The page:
Curbs include cuts on hours, shorter season

CRABBING RESTRICTIONS APPROVED

September 14, 1995|By Timothy B. Wheeler | Timothy B. Wheeler,Sun Staff Writer

The Glendening administration won legislative approval of major new crabbing restrictions yesterday after a 3 1/2 -hour hearing in Annapolis before an overflow crowd of nearly 300 angry watermen and recreational crabbers.

The restrictions, which take effect tomorrow, limit recreational crabbing to weekends, Friday through Sunday. They also prohibit commercial crabbing one day a week and shorten the hours crab harvesting is allowed each day. The season will end six weeks early, on Nov. 15.

The curbs are designed to protect the Chesapeake Bay's blue crab population, which scientists have warned may be in danger of depletion.

But watermen complained bitterly that their livelihood is threatened by the state-mandated reduction in harvest.

"If we can't make it with these regulations, who will feed our families or pay our bills?" asked Dwight Marshall of Smith Island, where crabbing is virtually the only occupation.

A handful of recreational crabbers also protested, saying they were being hobbled to appease commercial watermen.

But with only minor modifications, the joint Administrative, Executive and Legislative Review Committee unanimously endorsed the administration's proposed restrictions, which had been revised at the last minute in response to objections by watermen.

"This proposal . . . may be hurting you an awful lot, but it's not killing you," said Del. John Arnick, a Baltimore County Democrat who is co-chairman of the committee. He said all involved in crabbing have to suffer some if the bay's crab population is to be conserved.

"No one is smiling about this, but it does achieve the objectives we want," said Natural Resources Secretary John R. Griffin, who was negotiating details with watermen until just before the hearing started.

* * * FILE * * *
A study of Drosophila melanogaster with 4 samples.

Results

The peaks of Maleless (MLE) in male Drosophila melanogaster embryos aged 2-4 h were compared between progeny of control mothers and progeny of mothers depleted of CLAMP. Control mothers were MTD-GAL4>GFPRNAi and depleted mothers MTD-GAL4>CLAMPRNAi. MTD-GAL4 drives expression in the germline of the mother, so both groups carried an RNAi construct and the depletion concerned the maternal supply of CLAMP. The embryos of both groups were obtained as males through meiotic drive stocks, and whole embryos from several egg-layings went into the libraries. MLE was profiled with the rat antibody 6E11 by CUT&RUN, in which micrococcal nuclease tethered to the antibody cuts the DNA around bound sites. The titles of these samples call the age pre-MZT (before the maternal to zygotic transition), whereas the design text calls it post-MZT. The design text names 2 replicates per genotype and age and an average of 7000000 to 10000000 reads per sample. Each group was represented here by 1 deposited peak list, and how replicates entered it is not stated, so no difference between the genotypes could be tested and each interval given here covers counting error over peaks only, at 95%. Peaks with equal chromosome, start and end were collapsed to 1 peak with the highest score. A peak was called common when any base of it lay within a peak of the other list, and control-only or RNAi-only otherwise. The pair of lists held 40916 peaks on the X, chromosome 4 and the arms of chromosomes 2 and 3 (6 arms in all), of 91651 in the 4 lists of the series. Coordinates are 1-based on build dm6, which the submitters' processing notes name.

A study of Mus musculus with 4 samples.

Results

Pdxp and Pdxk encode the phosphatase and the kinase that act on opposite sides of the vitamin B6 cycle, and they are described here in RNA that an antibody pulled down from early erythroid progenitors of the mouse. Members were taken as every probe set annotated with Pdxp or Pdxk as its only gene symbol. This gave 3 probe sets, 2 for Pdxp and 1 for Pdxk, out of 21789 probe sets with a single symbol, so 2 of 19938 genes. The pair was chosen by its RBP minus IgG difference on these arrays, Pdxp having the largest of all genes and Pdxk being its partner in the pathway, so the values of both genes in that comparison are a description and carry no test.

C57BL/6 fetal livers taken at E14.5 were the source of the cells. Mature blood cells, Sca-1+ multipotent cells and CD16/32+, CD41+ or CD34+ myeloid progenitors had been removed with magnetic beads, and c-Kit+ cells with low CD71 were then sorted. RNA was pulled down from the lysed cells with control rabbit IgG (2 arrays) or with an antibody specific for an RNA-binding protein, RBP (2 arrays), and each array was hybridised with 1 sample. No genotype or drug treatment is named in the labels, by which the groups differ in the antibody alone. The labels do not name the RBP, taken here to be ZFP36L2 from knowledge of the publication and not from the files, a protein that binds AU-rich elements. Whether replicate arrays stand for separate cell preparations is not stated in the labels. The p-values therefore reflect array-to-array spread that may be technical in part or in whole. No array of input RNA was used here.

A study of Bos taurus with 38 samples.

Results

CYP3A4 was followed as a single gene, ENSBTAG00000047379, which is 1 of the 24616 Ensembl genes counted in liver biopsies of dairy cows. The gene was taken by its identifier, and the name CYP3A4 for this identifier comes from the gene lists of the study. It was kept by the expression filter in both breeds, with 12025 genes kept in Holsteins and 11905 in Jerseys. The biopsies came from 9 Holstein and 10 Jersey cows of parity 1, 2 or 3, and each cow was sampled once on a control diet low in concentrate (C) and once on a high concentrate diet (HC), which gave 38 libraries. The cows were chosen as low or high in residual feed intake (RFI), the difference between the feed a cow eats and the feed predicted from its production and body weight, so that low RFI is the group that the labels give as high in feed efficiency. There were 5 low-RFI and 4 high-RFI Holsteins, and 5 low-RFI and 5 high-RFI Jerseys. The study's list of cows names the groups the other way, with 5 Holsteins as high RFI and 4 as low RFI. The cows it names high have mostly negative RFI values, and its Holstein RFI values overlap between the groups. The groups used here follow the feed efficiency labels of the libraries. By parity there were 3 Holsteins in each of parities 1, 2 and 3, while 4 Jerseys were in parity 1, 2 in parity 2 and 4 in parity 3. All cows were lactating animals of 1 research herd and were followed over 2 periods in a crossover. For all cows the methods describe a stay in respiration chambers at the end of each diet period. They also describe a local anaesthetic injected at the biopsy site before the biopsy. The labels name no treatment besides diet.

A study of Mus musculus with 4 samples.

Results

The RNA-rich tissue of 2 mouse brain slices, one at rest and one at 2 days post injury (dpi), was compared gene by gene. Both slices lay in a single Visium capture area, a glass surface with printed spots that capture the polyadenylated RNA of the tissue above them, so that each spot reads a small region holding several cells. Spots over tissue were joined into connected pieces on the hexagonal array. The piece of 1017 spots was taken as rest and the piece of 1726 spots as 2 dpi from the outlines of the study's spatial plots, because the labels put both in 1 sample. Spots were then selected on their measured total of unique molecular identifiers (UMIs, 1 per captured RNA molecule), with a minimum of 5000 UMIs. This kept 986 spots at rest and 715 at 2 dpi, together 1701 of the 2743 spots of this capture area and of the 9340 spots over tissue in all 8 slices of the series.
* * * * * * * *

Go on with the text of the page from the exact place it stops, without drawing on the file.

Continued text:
The state's plan is aimed at getting a 20 percent reduction in the catch of female crabs this fall so more can survive to reproduce, with a second round of limits planned for the full crabbing season next year.

Scientific surveys have detected a major decline in the bay's female crab population in the past few years, at the same time watermen have reported a 40 percent increase in their harvest of females, or sooks.

In announcing emergency action two weeks ago, Gov. Parris N. Glendening said he wanted to head off a "crisis brewing" in the bay's most valuable fishing industry.

The governor's original plan had called for prohibiting crabbing two days a week this fall, on Wednesdays and Sundays.

Complaining that the plan would mean economic devastation, watermen and crab processors offered a compromise. They suggested giving up one day a week and shortening the workday two hours on the other six days.

But state officials, while accepting some of the industry's proposal, said it was insufficient and insisted on even shorter workdays.

The outcome of those talks was a bitter tonic for watermen, who docked boats from Aberdeen to Smith Island to come to Annapolis yesterday to demonstrate concern for their livelihood.

"I don't think any waterman in the room can live on a coat-and-tie, 8-hour, 6 a.m. until 2 p.m. day," said Daniel Beck, president of the Baltimore County watermen. He said watermen often lose three or four hours of harvest time every day moving crab pots, which are wire traps with bait to attract crabs.

Many watermen acknowledged that female crabs need protection. But as their leader put it, the state's actions went "too far, too soon, too fast."

"We're willing to bite the bullet, but we don't want to swallow the gun," said Larry W. Simns, president of the Maryland Watermen's Association. The restrictions could reduce crabbers' income by one-third this fall, he predicted, which is "right on the borderline of pushing us completely out" of business.

Others insisted that there is no shortage of crabs, and lashed out at the Chesapeake Bay Foundation, which pressed for crabbing restrictions. Some watermen and their legislators accused the Annapolis environmental group of "fabricating" the crisis so it could boost membership and fund-raising.

"I question every statistic and number," said Andrew Tolley, a Dorchester County crab processor. He and watermen said that crabs fluctuate naturally, and that after a summer lull, crabs are abundant now.

William Goldsborough, the foundation's fisheries scientist, insisted that most scientists agree there are many warning signs that the bay's crab population is in danger. While painful to watermen, the harvest restrictions may ensure their industry's long-term survival, he said.

"The crux of the matter is: Are we going to wait for a collapse before we do something?" he said. "Are we going to gamble with a $187 million industry?"

Mr. Griffin acknowledged that DNR's police force is limited in enforcement ability, but he expects most recreational and commercial crabbers will comply with rules designed to be simple and easy to understand. And he noted that all share a concern for the bay.